Mark Twain

Mark Twain

Samuel Langhorne Clemens, the son of a lawyer, was born in Florida, Missouri on 30th November, 1835. His father died when Samuel was 12 and soon after found work as an apprentice compositor. In 1853 he moved to St. Louis and over the next few years worked in the printing trade in Chicago, New York City and Philadelphia.

When he was 22 he became a steamboat river pilot and during the American Civil War, a soldier in the Confederate Army. After prospecting for silver in Nevada he became a journalist in Virginia City. He now adopted the pen name Mark Twain and moved to San Francisco where he came under the influence of Bret Harte, the editor of the Overland Monthly. Twain later claimed that Harte "trimmed and trained and schooled me from an awkward utterer of coarse grotesqueness to a writer of paragraphs and chapters." His first story that brought him national fame was The Celebrated Jumping Frog of Calaveras Country (1865).

In 1867 Twain travelled to Europe and this resulted in the book The Innocents Abroad (1869). He returned to the United States and married Olivia Langdon. After a period as the editor of the Buffalo Express, he moved to Hartford, Connecticut, where he lived for the next twenty years. A humorous account of his travels to Nevada, Roughing It, appeared in 1872.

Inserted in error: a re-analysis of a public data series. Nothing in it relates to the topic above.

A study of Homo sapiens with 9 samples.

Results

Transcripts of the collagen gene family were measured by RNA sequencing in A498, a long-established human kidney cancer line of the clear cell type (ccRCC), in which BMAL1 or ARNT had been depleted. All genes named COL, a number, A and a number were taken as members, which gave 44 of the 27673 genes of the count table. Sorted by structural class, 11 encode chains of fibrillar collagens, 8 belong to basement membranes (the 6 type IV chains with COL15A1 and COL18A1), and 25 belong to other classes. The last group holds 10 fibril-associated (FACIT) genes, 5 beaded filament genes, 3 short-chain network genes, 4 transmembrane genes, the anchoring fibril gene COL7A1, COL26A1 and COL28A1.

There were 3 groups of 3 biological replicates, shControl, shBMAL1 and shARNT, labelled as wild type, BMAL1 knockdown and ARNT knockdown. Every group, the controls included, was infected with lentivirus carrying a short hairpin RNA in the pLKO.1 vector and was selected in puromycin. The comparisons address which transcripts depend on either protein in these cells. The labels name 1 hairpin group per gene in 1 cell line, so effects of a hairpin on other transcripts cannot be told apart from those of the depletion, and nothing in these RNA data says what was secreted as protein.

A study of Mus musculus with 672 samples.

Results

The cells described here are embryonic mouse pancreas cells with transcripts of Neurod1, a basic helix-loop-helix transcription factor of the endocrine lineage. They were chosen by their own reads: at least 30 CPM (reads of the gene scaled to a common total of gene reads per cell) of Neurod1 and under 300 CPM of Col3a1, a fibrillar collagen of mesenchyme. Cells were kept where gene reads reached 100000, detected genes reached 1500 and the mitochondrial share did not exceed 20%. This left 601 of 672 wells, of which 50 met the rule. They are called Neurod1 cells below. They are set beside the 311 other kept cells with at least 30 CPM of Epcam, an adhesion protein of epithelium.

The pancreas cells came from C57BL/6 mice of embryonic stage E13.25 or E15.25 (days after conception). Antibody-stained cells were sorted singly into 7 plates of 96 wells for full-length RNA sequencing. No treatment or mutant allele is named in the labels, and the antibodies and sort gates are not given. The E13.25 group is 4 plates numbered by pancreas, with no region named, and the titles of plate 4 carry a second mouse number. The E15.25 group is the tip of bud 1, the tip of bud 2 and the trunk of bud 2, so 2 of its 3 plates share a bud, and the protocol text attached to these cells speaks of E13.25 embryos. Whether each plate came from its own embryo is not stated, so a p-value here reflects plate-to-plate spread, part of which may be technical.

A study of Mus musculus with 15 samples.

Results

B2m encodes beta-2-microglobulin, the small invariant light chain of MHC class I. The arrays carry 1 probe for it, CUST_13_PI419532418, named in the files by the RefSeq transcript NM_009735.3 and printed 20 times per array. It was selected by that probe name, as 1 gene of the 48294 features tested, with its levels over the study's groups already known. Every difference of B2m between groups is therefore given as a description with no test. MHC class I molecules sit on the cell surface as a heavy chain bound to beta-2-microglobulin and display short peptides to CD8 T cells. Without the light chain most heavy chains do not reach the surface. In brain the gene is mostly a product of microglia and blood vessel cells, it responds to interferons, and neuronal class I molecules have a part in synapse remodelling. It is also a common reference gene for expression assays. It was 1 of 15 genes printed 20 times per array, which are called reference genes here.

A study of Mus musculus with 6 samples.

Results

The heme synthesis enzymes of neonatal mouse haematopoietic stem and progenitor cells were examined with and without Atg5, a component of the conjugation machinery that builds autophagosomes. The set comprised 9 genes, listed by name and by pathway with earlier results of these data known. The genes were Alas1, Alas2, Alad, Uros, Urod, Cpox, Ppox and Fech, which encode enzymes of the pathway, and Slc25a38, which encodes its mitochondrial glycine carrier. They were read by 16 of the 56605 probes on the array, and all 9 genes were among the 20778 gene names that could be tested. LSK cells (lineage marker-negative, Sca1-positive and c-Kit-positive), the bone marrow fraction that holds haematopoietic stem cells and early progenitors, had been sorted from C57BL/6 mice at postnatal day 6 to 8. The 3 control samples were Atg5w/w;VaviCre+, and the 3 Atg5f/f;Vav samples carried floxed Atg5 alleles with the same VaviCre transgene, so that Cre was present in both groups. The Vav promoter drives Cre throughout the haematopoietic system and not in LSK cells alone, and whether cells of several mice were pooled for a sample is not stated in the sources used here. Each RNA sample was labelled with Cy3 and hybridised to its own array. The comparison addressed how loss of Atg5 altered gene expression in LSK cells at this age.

Twain's boyhood memories of life beside the Mississippi, The Adventures of Tom Sawyer, was published in 1876. This was followed by The Prince and The Pauper (1882). Twain's account of his steamboat experiences appeared in the Atlantic Monthly and these were expanded into the book Life on the Mississippi (1883).

Twain was now one of America's favourite writers and he had a series of best-sellers including A Connecticut Yankee in King Arthur's Court (1889), The Adventures of Huckleberry Finn (1885), Tom Sawyer Abroad (1894) and Tom Sawyer, Detective (1896).

After Twain's publishing company went bankrupt and the death of one daughter, and the incurable illness of another, Twain's writing became increasingly pessimistic and this began to alienate him from his readers. The Man that Corrupted Hadleyburg (1900), King Leopold's Soliloquy (1905), What is a Man? (1906) and Eve's Diary (1906), written after the death of his wife, sold poorly compared to his earlier books.

Mark Twain died on 21st April, 1910.